Patient with osteogenesis imperfecta walks for first time in three years

Patient with osteogenesis imperfecta walks for first time in three years

Martin arrived at Shriners Hospitals for Children in the summer of 2017 with a wheelchair and a diagnosis — osteogenesis imperfecta.

Commonly referred to as brittle bone disease, osteogenesis imperfecta (OI) is a congenital disorder characterized by defective connective tissue and brittle bones that are prone to fracture. Treatment includes surgery to repair broken bones.

Hopeful their son would walk again one day, Martin’s parents wanted him to benefit from the specalized pediatric orthopaedic care provided by Shriners Hospitals for Children. A friend recommended they reach out to the Northern California Shriners Hospital in Sacramento.    

Martin was 11 years old when he rolled into the clinic for his first appointment with pediatric orthopaedic surgeon Holly Leshikar, M.D. He hadn’t walked in three years.

“Martin could walk until he was 7. By the time he turned 8, he used a wheelchair,” said his mother. “He was frustrated and felt angry. Dr. Leshikar talked to me in a very positive way, and I felt I was in good hands,” she added.

On August 26, 2017, Dr. Leshikar operated on Martin’s right leg. The goal of the surgery was to straighten the femur and place hardware that will protect Martin from further deformity in the event of fractures.

“Before surgery, Martin, his mother and I spoke about goals. We decided surgery was only indicated if the goal was for Martin to walk again and leave his wheelchair. This, of course, was predicated on the fact that he could build the muscle to have the strength to use his body.

In October, Martin began daily physical therapy sessions. In November, his physical therapy increased to twice a day. On November 2, less than three months after surgery, Martin walked with his physical therapist Laura van Houtryve.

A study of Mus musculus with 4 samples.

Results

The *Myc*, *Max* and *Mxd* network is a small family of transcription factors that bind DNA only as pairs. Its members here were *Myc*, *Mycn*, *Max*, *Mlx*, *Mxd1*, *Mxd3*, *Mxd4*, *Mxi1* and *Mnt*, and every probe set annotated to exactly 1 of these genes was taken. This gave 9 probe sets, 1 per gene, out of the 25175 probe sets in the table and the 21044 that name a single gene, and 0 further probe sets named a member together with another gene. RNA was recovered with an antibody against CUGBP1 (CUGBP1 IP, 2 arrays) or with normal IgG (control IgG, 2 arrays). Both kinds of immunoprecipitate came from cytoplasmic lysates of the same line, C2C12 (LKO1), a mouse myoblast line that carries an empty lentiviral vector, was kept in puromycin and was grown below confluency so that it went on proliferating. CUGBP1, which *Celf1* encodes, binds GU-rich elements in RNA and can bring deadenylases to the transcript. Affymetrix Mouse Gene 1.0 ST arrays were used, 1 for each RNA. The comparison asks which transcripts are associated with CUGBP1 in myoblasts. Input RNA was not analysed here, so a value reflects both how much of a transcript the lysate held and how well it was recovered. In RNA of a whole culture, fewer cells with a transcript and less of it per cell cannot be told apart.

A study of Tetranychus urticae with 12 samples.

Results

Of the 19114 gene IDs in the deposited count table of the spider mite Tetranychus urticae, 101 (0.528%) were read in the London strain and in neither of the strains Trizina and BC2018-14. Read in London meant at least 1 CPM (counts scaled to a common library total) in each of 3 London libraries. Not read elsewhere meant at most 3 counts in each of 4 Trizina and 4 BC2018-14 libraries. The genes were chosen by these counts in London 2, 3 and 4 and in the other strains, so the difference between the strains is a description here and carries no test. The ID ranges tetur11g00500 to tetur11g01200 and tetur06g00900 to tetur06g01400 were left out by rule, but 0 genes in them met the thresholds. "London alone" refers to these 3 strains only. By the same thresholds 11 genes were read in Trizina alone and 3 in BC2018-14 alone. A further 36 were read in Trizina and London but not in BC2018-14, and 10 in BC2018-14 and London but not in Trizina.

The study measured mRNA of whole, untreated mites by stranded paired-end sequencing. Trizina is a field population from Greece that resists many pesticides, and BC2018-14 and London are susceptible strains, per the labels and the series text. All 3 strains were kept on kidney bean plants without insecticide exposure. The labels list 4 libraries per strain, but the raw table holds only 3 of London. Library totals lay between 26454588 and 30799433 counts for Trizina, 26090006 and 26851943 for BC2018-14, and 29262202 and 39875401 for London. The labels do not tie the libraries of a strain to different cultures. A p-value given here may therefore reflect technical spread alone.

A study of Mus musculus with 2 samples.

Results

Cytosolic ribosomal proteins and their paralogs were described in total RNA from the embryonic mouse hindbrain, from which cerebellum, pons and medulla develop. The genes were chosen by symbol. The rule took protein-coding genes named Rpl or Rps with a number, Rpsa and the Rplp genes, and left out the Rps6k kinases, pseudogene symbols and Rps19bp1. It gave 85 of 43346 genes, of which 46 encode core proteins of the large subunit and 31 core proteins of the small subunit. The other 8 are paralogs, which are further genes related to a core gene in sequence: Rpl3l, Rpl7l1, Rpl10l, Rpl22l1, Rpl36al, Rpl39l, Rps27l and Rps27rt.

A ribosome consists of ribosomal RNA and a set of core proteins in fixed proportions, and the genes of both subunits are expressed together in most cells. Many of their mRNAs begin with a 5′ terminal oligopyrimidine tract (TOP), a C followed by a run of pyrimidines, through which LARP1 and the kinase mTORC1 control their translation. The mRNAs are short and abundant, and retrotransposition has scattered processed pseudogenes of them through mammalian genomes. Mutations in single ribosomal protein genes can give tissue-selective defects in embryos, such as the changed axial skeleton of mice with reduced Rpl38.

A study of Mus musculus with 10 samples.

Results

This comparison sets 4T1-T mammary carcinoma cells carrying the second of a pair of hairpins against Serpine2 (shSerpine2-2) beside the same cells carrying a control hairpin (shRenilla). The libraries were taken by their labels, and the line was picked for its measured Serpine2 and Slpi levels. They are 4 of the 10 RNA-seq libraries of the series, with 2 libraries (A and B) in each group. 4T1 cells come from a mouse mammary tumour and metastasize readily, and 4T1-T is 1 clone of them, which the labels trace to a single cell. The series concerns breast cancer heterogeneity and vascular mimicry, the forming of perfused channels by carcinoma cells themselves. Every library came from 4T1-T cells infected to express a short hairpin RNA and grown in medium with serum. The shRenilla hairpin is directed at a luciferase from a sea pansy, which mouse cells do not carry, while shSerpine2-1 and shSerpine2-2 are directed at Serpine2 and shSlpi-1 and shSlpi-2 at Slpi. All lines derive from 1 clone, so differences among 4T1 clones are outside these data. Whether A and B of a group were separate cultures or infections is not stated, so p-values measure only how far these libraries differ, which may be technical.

“Getting the biggest, most genuine hug from Martin after he walked across the parallel bars in the gym for the first time was the best feeling ever for a pediatric physical therapist,” said Ms. van Houtryve. “This is the reason I work at Shriners Hospitals for Children. The collaboration with doctors like Dr. Leshikar, who work closely with physical therapy to help patients achieve their goals provides tremendous professional satisfaction,” she added.

The collaboration between doctor and physical therapist includes face-to-face conversations in the clinic, email exchanges and Dr. Leshikar’s visits to the gym to observe progress.

“Every step since surgery has been therapy and every step forward will be therapy. I provide the tools, but Laura works with Martin to teach him how to use them,” said Dr. Leshikar.

Dr. Leshikar hopes a second surgery on his left leg will one day enable Martin to walk without a walker.  The goal of the surgery will be to improve the length discrepancy and the mechanical alignment of Martin’s legs, to decrease his risk of fracture and improve the mechanics of walking.

“The left-side surgery is even more technically complex, but my hope is his recovery may actually be easier if his strength and independence are improved beforehand,” said Dr. Leshikar. 

While progress is measured one step at a time, it is positive.

“It is more than I expected. I just have to thank everyone who works here,” said his mother as she watched Martin ride a bike and take steps with a walker under the watchful eye of his physical therapist. “This is another Martin. He is happier now,” she added.

Thanks to the care he receives at Shiners Hospitals for Children — Northern California, Martin now can imagine playing like other kids his age. “I want to play soccer with my dad, get on a bike and be able to fall and scrape myself,” he said.